Ramsey mother's outrage at autistic daughter's two year OT wait
LAST week the Hunts Post revealed that disabled people are waiting so long for OT assessment that the Huntingdon Freemen s Charity had in a handful of cases stepped in to pay for it. Letters came flooding. A woman in her 80s says she has been waiting sinc
LAST week the Hunts Post revealed that disabled people are waiting so long for OT assessment that the Huntingdon Freemen's Charity had in a handful of cases stepped in to pay for it. Letters came flooding. A woman in her 80s says she has been waiting since April for an OT assessment. While a mother of a seven-year-old says she has been waiting two years. Here are our readers' stories.
A MOTHER has spoken of her outrage after her autistic daughter has been waited two years for an OT assessment.
Sharon Carr says a request for an Occupational Therapist (OT) was first lodged in 2007 when she moved to West Avenue, Ramsey.
The home needed adaptations for seven-year-old Ashleigh who has cerebral palsy, development delay and autism.
Miss Carr says Ashleigh needs a downstairs bedroom as she cannot safely make her own way upstairs and she is getting too heavy to be carried.
"It is not just her safety. It is the safety of the whole family, because of Ashleigh's autism, she would not think twice about pushing her little brother, Euan, down the stairs. Also she often throws her weight and struggles when I try to carry her upstairs and this has resulted in us falling down them."
Miss Carr has begun to adapting her home at her own expense, fitting ramps, handrails and locks and chains on all the doors.
She said: "It makes me so angry. I realise they may be short staffed or have a lack of money or resources but this really needs addressing. The people on the list are on there for a reason and they cannot go anyway else for this help."
John Peberdy of Cambridgeshire Community Services, who manage the OT service, apologised for the wait Ashleigh and her family have been experiencing.
Mr Peberdy said: "We appreciate the impact this is having on the family and are working hard to resolve the situation."
Huntingdon Freemen's Charity have criticised the NHS for making sick and disabled people wait at least 36 weeks for an OT assessment.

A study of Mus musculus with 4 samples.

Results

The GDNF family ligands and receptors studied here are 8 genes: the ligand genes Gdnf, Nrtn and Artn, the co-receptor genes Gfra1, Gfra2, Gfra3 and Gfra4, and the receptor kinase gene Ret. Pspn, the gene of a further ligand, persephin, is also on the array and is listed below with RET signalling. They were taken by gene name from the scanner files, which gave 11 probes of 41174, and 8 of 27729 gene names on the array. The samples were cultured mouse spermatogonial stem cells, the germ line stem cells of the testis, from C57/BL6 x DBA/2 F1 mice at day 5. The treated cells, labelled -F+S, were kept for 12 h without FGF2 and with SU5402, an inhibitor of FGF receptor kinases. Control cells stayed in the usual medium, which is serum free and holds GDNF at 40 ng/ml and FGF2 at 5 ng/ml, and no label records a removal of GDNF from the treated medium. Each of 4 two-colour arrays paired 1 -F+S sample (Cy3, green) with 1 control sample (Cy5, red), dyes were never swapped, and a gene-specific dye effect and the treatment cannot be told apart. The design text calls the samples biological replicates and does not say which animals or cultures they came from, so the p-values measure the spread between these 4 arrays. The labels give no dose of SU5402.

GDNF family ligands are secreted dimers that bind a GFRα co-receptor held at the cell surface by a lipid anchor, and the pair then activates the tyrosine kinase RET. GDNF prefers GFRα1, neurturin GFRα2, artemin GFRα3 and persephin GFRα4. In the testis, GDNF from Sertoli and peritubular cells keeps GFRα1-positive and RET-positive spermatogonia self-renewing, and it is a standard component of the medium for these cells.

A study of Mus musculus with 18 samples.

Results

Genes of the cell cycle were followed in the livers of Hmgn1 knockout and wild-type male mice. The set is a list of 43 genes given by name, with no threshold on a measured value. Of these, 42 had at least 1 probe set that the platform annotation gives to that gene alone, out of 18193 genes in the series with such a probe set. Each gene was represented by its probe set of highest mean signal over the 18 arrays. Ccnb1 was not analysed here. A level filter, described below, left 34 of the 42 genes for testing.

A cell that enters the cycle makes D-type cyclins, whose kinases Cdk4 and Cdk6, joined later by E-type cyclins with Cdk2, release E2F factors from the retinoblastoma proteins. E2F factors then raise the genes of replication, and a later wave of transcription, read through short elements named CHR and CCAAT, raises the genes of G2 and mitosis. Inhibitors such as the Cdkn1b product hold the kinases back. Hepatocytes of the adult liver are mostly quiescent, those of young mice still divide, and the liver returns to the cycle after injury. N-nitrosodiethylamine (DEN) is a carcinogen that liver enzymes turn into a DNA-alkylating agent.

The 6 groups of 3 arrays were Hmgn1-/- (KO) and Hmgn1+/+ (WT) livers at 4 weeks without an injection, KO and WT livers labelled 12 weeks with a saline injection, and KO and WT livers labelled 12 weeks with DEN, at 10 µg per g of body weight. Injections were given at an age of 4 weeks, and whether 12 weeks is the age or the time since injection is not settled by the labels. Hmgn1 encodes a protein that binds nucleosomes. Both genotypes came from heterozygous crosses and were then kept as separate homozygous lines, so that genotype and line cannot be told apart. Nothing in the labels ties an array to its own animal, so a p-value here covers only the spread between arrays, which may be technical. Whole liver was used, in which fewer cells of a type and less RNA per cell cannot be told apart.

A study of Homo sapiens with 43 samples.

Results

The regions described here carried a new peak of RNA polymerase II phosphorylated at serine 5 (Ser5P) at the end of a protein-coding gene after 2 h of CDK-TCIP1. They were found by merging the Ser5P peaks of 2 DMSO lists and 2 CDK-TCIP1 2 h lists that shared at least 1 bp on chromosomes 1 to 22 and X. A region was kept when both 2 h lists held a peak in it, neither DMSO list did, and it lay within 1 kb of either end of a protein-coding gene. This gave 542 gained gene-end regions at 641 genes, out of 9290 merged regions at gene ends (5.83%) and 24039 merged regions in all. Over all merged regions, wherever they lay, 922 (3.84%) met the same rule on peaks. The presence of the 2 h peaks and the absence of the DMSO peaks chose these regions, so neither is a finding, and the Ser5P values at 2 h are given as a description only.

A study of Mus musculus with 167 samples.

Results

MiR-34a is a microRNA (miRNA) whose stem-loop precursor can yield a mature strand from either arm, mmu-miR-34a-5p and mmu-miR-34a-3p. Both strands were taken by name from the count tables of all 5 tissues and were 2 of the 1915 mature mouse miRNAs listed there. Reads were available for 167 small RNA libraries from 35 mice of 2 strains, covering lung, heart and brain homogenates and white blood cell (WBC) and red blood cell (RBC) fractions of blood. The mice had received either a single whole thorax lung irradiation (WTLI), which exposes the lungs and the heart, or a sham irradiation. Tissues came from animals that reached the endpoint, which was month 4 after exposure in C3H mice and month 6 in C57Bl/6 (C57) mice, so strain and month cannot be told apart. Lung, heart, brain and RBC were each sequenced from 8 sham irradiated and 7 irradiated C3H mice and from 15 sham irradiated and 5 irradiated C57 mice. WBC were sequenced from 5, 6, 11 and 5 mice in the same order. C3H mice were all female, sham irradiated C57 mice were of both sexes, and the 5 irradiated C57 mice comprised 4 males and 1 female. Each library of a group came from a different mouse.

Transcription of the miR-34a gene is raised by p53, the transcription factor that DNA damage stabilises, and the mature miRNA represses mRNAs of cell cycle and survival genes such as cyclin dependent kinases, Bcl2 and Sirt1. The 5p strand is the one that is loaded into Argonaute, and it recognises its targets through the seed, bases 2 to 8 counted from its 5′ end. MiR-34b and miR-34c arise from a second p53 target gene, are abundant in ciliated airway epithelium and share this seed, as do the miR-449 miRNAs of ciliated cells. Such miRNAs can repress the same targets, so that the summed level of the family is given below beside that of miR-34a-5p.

The charity said it had been monitoring the situation for more than two years and saw waiting times peak at 82 weeks in May 2007.
Cambridgeshire Community Services have said they will be recruiting more staff to reduce waiting times.
They said urgent (priority one cases) are assessed within one to three days, priority two in 12 weeks and priority three in 36 weeks.
They blamed a 'significantly higher than expected' number of referrals.
Cambridgeshire is undertaking a review to reduce the waiting to 18 weeks in line with national standards by April 2010.
Readers' waiting time experiences:
A WOMAN in her 80s from Warboys says she has been waiting since April for an assessment. She has trouble getting into a bath because of a hip and knee replacement, and is requesting a shower in her bungalow. At present she is washing in the kitchen, which she says is "very inconvenient and embarrassing".
A MAN with Motor Neurone Disease was told he would have to wait six months for an OT assessment but after persisting was seen within six weeks. He made a request for another OT assessment for a level wet room and was told an assessment could take six-nine months.
The man and his wife decided not to wait and went ahead with the work.
Their OT ordered a shower chair in November 2006 and it was delivered in August 2007.
A DISABLED woman in her 70s and her disabled son from Warboys, who are cared for by the husband and father in the family, were told in 2008 they faced a nine to 12 month wait for an OT assessment for adaptations to their home. They are still waiting to be seen.
A WOMAN, 34, from St Ives was seen two months ago by an OT after being on the waiting list since June 2008. She has spinal arthritis and a prolapsed disc in her back. While she waited for an OT assessment for a shower she had to wash in the kitchen sink as she is unable to bend down.
AN 88-year-old woman, who is deaf and lives in her own home, is currently waiting for an OT assessment for a shower. She cannot get into the bath as she is too weak and keeps bruising her legs. She recently collapsed and was taken to hospital. Her daughter rang social services and a week later a letter arrived saying she would be assessed in about 12 weeks time.